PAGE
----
Born out of a desire to work with Black artists local to the Seattle area and originally presented at On The Boards in 2018, this second presentation of Dani Tirrell’s Black Bois at the Moore Theater brings together the original cast plus a new group of other local Black artists. The show is an ode in itself to the Black artistic genius that exists in this city, showcasing the unique talent of each cast member and the collective artistic excellence of Seattle’s Black community.
The choreography and movement histories of the dancers represent a wide variety of styles- everything from traditional African dance forms, to club styles like House and Vogueing, to ballet and tap. These varied influences weave fluidly in the bodies of the performers, allowing them to transition easily from the complex rhythms of large group stepping sections, to soft, gestural moments. This dramatic range echoes in their collective ability to vividly express a wide range of emotions, from sorrow, to anger, and overwhelming joy. Their guttural screams land as potently as the music of their laughter.
The layers of dance, music by composer Benjamin Hunter, video, spoken word, and theater meld past, present, and future, sometimes even conjuring those not physically present in the space. The poetry of J Mase III invokes ancestors. Altars adorn the stage. The performers speak the names and honor the stories of those who have passed on, many of whom lost their lives at the hands of white people or through the violence of white supremacy.
One section focuses on a young man named Kalief Browder. Browder committed suicide after being imprisoned at Rikers Island for three years without a conviction. As Browder tells his story on two screens positioned to each side of the proscenium, the dancers, grouped tightly together, descend on dancer Markeith Wiley who is left alone on the other side of the stage. They laugh, point and jeer at him as he vacillates between meeting their confrontation and backing away. The random and senseless nature of the violence Browder endured is concentrated and elevated as the pull of attention moves between the happenings on stage and Browder’s news story. We see images of him being attacked by prison guards and fellow inmates as the tension between the dancers on stage intensifies, creating a palpable sense of powerlessness and frustration. Suddenly, the heaviness of the moment is cut through by a voice resounding from the stage, pulling our focus back, “We hear you, Kalief!” It’s not a resolution or a happy ending, but a refusal to forget and a commitment to keep telling the story.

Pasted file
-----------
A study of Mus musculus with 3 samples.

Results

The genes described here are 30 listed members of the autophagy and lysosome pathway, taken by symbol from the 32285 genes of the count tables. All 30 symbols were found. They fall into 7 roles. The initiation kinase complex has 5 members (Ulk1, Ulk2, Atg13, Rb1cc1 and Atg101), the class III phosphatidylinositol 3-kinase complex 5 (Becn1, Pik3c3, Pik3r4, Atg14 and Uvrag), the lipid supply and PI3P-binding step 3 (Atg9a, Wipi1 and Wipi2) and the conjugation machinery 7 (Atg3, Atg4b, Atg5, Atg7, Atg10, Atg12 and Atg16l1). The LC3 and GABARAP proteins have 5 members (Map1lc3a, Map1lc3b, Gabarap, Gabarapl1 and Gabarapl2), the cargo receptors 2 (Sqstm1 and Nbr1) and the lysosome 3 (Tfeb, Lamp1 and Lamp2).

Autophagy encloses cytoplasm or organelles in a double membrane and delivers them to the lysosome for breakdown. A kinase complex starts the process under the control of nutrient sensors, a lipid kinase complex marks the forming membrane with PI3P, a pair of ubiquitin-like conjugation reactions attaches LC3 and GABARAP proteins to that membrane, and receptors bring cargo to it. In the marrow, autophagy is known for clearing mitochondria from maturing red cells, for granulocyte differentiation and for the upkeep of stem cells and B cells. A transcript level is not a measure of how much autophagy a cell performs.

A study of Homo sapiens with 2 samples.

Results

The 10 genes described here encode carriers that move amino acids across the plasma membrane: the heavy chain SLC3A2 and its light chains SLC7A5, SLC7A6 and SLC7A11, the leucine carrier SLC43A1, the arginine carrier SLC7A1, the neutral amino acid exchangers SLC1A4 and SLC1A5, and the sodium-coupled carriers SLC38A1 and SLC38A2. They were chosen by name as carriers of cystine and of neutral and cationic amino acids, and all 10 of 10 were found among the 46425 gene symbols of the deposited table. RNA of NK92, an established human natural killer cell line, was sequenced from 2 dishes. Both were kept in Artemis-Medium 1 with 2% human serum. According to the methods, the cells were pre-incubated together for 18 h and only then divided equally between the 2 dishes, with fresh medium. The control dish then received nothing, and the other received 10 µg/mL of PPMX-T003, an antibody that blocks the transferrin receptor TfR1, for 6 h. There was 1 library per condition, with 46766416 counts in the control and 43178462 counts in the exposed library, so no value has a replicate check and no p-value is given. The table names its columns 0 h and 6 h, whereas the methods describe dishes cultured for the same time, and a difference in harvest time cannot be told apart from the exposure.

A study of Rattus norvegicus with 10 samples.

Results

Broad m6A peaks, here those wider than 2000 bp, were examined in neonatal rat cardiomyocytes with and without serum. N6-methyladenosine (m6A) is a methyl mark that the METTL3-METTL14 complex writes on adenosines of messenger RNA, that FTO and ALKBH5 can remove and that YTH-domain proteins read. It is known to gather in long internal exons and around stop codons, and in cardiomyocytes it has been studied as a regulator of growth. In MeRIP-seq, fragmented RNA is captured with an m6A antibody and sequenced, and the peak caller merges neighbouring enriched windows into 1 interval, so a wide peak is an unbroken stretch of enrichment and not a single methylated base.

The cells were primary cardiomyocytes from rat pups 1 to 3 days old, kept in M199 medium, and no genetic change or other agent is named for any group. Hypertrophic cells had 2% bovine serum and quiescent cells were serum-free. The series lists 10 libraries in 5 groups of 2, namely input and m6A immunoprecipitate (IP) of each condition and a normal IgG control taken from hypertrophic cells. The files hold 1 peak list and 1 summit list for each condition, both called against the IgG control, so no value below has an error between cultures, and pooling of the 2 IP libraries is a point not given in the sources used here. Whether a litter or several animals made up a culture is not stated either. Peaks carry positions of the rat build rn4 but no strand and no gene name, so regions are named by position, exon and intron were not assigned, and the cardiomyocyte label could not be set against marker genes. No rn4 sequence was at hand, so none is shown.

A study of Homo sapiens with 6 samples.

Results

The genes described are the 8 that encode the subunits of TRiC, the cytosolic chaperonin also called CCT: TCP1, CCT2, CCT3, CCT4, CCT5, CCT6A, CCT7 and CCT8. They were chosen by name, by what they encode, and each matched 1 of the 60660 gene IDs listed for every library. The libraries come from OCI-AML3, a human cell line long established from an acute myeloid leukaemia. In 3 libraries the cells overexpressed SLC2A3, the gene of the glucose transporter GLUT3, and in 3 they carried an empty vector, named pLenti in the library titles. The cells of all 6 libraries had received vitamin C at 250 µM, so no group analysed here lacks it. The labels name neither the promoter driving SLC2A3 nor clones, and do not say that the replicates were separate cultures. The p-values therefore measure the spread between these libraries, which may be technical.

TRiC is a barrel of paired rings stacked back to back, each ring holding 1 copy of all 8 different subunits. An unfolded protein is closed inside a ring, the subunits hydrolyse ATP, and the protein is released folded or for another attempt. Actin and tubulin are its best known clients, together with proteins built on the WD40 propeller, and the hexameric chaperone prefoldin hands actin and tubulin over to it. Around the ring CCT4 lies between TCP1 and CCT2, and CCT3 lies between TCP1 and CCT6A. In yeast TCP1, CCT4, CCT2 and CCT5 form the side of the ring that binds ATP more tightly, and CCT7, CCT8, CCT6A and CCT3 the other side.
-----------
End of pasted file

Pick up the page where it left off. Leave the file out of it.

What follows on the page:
Black Bois is a phrase that unabashedly embraces a range of identities and gender expressions and the relationship between individual and collective identity is a strong theme of the work. In one moment between poet J Mase III and dancer Randy Ford, Mase gently holds Ford’s cheek in his hand as Ford kneels in front of him. They gaze at one another, enraptured by each other’s presence, emanating a transcendent love. Mase speaks to Ford, his words affirming her as whole and sacred as exactly who she is. The rest of the performers, who rarely leave the stage during the entirety of the show, huddle together at the back, watching intently and cheering Ford on as she begins her solo. As she spins, kicks and strides across the stage, her gaze does meet the audience, but like many other moments of the show, the heart of her intention is directed back toward the support of her fellow performers. They are there for one another, dancing for each other, and gracious enough to let us witness. This dynamic between the performers creates a space where they each can have the opportunity to speak, to scream, to cast off stereotypes and be seen by one another in their truth.
Tirrell’s commitment to fearless and radical truth telling is vital. One of the most powerfully uncomfortable moments of the show features J Mase III as a character named Susan. Susan’s high pitched nasal voice and sing songy intonation reminds me of every white daytime television talk show host. With a sinister and misplaced sense of innocence, Susan directs Wiley through a series of charades meant to “help” him fit into the stereotypical definition of Black masculinity. Wiley reluctantly does as directed, donning a ball cap, a plastic water-filled “glock” and correcting his posture, gate and behavior until Susan is satisfied. Through their sarcasm and wit, the performers hurl the shame that’s been cast onto them back at the collective Susans as if to say ‘This doesn’t belong to us’.
Black Bois is an ecstatic exclamation of the beauty, joy and resilience of Black people. It is a emphatic and embodied Fuck You to white supremacy and colonization. It is a living example of the centering and celebration of Black people, stories, history and imagination.